A Halloween Spooktacular…

Halloween is upon us and yet again it is time to create an appropriate drink for the season. Whenever I think of the diabolical, my mind immediately jumps to that Savoy classic, Satan’s Whiskers. Now I know I pulled this one out last year on June the 6th (figure it out; if you need help, ask), but the name is so perfect I figured I needed to extract it from its forgotten tome (or is that tomb?) one more time. And anyway, the last time I posted Satan’s Whiskers, I had a different blog, so I guess it’s due for reanimation (cue spooky music).

Before we go forward with this Halloween’s recipes, I just want to recommend a book that I feel that everyone who loves classic cocktails should have: The Savoy Cocktail Book. Written by Harry Craddock, and in multiple reprints, the Savoy is a plethora of information, and far outweighs that other famous bar book of old, Jerry Thomas’ Bon-Vivant’s Companion. I’ve personally feel so strongly on the matter, that I’ve taken to collecting all editions of the Savoy, as I feel it is that important. So click on the link above, shell out twenty bucks, and get yourself a piece of history.

To start off this Halloween, let’s dig into Craddock’s opus, and unearth:

¾ oz gin
¾ oz sweet vermouth
¾ oz dry vermouth
¾ oz Grand Marnier
¾ oz orange juice
2 dashes orange bitters

Shake with ice and strain into a chilled cocktail glass. Twist a piece of orange peel over top, releasing the oils and drop in drink. Sit back and enjoy.

Note: Orange Curacao instead of Grand Marnier curls Satan’s whiskers

While digging through the Savoy and other books, I realized that I had forgotten a more obvious concoction for this Halloween season: the Corpse Reviver #1 and the Corpse Reviver #2. I say more obvious, because the Corpse Reviver #2 is on my menu, and I have a variation of the number one on there as well.

1 ½ oz brandy
¾ oz apple brandy
¾ oz sweet vermouth

stir over ice and strain into a chilled cocktail glass.

I feel the Corpse Reviver #1 gets a bad rap. It’s always overshadowed by its younger brother, the Number Two, but it is a fine cocktail in its own right. If you use Laird’s 100 proof Bonded Apple Brandy, this beast grows teeth that will tear its younger sibling apart.

¾ oz gin
¾ oz Cointreau
¾ oz Lillet
¾ oz lemon juice
dash of absinthe

shake and strain into a chilled cocktail glass
garnish with cherry if you desire

The Corpse Reviver #2 is one of my go-to drinks when I’m trying to convert people away from vodka and into gin. It is extremely important to have a light hand on the absinthe (pastis will also work) as it will quickly overpower this delicate perfumed drink.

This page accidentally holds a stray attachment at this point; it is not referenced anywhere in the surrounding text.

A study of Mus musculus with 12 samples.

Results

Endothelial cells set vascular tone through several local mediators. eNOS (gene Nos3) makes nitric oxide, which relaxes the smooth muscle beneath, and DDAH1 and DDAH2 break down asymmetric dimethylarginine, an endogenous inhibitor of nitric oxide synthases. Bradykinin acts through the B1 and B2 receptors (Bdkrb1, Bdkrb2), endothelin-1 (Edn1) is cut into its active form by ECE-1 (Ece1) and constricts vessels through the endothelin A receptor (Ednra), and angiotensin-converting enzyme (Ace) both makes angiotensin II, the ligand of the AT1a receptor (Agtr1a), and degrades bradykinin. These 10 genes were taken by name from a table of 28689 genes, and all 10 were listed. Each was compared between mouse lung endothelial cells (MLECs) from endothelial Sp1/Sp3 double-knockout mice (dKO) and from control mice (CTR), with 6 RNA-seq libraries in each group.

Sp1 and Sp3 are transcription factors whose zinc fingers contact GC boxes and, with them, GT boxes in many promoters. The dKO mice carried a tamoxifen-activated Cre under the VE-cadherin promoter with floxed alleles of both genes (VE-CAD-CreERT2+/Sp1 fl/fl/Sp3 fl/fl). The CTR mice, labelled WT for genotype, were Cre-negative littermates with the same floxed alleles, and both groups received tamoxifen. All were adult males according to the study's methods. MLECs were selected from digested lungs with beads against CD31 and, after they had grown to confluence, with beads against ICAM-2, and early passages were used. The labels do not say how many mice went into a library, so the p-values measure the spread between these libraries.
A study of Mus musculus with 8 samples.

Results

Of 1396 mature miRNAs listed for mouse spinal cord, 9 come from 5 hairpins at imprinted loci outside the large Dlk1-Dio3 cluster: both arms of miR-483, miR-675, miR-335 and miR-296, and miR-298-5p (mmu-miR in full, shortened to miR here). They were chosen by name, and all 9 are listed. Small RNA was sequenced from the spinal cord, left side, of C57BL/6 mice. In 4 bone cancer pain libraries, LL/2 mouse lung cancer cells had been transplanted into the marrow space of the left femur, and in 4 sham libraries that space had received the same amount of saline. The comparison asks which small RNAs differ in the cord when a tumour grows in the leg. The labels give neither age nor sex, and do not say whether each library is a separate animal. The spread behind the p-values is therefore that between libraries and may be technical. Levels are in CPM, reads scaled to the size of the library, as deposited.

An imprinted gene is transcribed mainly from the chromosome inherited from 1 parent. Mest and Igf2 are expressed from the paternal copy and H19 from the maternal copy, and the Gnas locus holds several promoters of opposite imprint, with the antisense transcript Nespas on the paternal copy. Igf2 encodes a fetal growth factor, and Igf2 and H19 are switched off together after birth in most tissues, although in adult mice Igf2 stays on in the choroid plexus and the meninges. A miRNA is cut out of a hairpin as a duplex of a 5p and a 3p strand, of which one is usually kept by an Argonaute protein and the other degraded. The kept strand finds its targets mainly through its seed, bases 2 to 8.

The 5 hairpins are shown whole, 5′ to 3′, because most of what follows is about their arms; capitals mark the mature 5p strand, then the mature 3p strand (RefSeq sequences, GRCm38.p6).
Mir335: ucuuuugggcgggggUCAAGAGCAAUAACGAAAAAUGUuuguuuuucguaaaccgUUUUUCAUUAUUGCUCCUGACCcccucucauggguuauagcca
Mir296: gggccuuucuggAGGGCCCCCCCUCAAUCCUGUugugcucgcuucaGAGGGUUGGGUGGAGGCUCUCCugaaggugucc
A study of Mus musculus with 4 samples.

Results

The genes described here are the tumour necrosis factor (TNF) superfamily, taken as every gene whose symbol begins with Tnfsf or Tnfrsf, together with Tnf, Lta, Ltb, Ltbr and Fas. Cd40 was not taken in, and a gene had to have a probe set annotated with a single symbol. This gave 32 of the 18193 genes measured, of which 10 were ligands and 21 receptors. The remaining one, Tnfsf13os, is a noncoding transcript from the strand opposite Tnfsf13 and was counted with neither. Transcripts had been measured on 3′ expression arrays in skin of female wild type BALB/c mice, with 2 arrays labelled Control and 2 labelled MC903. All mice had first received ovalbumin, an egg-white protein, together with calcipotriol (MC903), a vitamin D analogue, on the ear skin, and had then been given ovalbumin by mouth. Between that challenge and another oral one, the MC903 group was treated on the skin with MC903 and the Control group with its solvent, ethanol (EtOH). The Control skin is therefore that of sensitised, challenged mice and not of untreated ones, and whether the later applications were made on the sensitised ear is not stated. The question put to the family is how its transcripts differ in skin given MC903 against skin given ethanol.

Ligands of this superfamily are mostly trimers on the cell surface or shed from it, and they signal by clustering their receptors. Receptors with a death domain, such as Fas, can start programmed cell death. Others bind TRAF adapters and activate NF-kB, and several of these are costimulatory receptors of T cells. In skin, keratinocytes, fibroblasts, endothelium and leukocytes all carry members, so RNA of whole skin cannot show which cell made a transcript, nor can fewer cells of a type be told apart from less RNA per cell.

And, finally, an original creation, for when you feeling rather ornery:

1 ½ oz Laird’s 100 proof Bonded Apple Brandy
½ oz Giffard’s Abricot du Roussillon
½ oz lemon juice
dash of Angostura bitters
dash of simple syrup (for texture)
1 whole egg

frappe all in tin
add ice and shake until your arms hurt
strain into a cocktail glass that has been chilled to the temperature of my soul

I’ve just created this drink for the upcoming Halloween season, and let me tell you: IT IS FREAKING DELICIOUS!!!! Orange-hued and frothy, the egg hides the lurking power of the apple brandy, so much to the point, that it makes this one dangerous drink. Want to get the ladies to brave eggs AND apple brandy in one go? This is the drink!

For those uninitiated, a Flip is a cocktail that has a whole egg in it; essentially a Nog without cream. I’ll let you figure out where I came up with the name from there….

Picture and Flip by:
Jamie Boudreau


~ by Jamie Boudreau on October 30, 2007.

10 Responses to “A Halloween Spooktacular…”

  1. That chili pepper garnish is too awesome!

  2. Cocktails and photography. Your blog is sublime. I’ll be sampling Satan’s Whiskers tomorrow night, thanks to you.

  3. Flip off the devil, I love it! I’d nearly sell my soul for some of that bonded Laird’s, but I suppose a trip to Seattle would be a bit less eternal.

  4. Awesome recipes. Work precludes me from drinking tonight. But, I’ll be sure to try some of these this weekend !

  5. Tradertiki:
    I feel the same way about the Laird’s as it isn’t available in Seattle either. I just got lucky and was given a bottle by Lisa Laird.

  6. Jamie, Nice seasonal entry as well as timing on the mentioning of these bar books. The NY Times has a little article on Mr. Thomas in the food section as well as Mr. Wondrich’s new book about the legendary cocktaliian. See you soon. Brant

  7. Aw hell! I was just very recently forced to get over my fear of egg whites in drinks, but had sworn that a whole egg would be where I absolutely drew the line, but your flip sounds so damn good I think I might have to go ahead and get over it.

    If you don’t mind my asking, why are you not able to get the Laird’s? I grew up in Oregon where booze rules were fairly odd – Is that the problem or is it simply nobody wants to supply it to the area? When I moved to California it really hit me how f’ed up the liquor laws in Oregon are.

  8. Boozemonkey:
    Laird’s bonded is but one of many things that aren’t immediately available in WA. If I REALLY wanted it, I could special order it, but that entails me committing to a full case and waiting 3-6 months.

  9. I just scored a copy of The Savoy Cocktail book for $9 including shipping !

  10. the chile horns are awesome!

    and yes, I can see why you might think I am reading your drafts, my friend. That is a little eerie, those two drinks together.